Cryptocurrency – Major Financial Institutions Are Moving Forward Cautiously, But Steadily

Investing, Regulation | August 24, 2018 By:

In the midst of a cryptocurrency boom, prominent skeptics continue to influence the growth of the market. Titans of finance, from Chase CEO Jamie Dimon to legendary investor Warren Buffet, have offered scathing comments, but that hasn’t stopped major financial institutions from taking tentative steps into the market. And as in Dimon’s case, there’s evidence that attitudes are changing and acceptance is growing.

Despite regulatory uncertainty and persistent questions about clarity and transparency, recent moves suggest many of banking’s biggest names are in no way deterred from cashing in on the crypto craze. Goldman, Barclays, and even major asset managers such as Fidelity are all making forays into the uncharted waters of cryptocurrency, despite a hazy regulatory outlook and fundamental trepidation about entering an evolving market.

Initially, most of the big names are simply allowing their clients to trade a crypto forward or futures contract based on what the price of bitcoin will be at a specific date. And since bitcoin remains highly volatile as the market evolves, there is clearly ample opportunity for trading just the underlying asset. But institutional level profits won’t be made overnight. The evolution of the institutional crypto market will progress, and volumes will grow – and will require significant investment in trading network technology as they do – but it’s important to remember this phenomenon is in its early stage.

It’s understandable that regulatory agencies will take some time to understand cryptocurrencies, classify them and devise appropriate safeguards for market participants. Right now, the SEC considers cryptocurrencies to be securities, while other authorities view bitcoin/Litecoin in the same way as the traditional currency pairs like dollar/euro. Some others question whether crypto is even a legitimate investment asset at all. Beyond these fundamental compliance issues, there are more questions: how does a firm go about declaring taxes on any gains from crypto trading? These are grey areas that will need to be clarified before larger players get fully involved in the market.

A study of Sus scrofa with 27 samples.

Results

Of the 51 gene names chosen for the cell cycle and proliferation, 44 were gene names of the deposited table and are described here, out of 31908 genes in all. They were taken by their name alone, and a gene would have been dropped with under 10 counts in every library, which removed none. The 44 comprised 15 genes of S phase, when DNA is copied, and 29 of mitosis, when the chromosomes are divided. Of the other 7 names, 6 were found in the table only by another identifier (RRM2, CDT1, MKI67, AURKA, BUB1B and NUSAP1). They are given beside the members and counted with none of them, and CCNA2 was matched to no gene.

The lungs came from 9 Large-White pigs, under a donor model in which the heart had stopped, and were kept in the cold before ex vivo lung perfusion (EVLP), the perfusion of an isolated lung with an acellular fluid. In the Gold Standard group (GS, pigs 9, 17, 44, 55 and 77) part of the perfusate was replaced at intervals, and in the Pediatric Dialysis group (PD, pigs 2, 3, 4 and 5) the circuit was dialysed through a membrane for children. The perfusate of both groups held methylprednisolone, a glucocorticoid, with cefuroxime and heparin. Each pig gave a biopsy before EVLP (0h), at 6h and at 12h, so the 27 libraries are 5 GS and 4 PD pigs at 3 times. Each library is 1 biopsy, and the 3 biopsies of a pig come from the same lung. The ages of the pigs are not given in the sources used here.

Given this lack of regulatory certainty, applying traditional trading practices to crypto remains problematic, but the need for secure trading infrastructure still exists. Major electronic trading houses rely on two key forms of trading: the first involves simultaneously buying and selling assets to make money on price differences, a form of arbitrage. The second centers around entering lots of small orders into a computer to weight the order book favorably, or order book scalping. Both approaches rely on highly liquid markets. If volumes are flat, then the opportunities for profit are limited, regardless of the size of the institution doing the trading. Even in a period of rapid initial growth, crypto trading volumes are a fraction of the volume of stocks traded on global exchanges.

This is the main challenge for any institution entering the crypto world. Using arbitrage and order book scalping strategies requires guaranteed connectivity to the exchange, and yet exchanges haven’t made the necessary investments to ensure this, because trading volumes still aren’t large enough to justify the expense. But if a connection to an exchange cuts off for just a few seconds, a market maker’s profits could suddenly turn to loss. No institution wants to have their algos trading crypto if they can’t guarantee connectivity to the venues.

On the other side of the coin, financial institutions will not dive head first into trading cryptos without the requisite underlying infrastructure support. Those that do will have to go through the specialist venues that do not fear lightly regulated markets as much as the larger exchanges.

It’s a classic chicken and egg conundrum. Who will blink first? Eventually, regulators will agree on how to define crypto. There’s still more uncertainty than clarity on this issue. But once it’s resolved, national exchanges will start making their moves.

Financial institutions that have laid out their crypto trading cards early remain a bit ahead of the curve. They are adapting strategies that succeed with lower volumes and aren’t as dependent on infrastructure and taking regulatory and exchange connectivity issues into account. As larger institutions move further into crytpo, they can learn from the earliest market participants, who may not be making institutional scale returns, but are nevertheless proving that this is a viable market.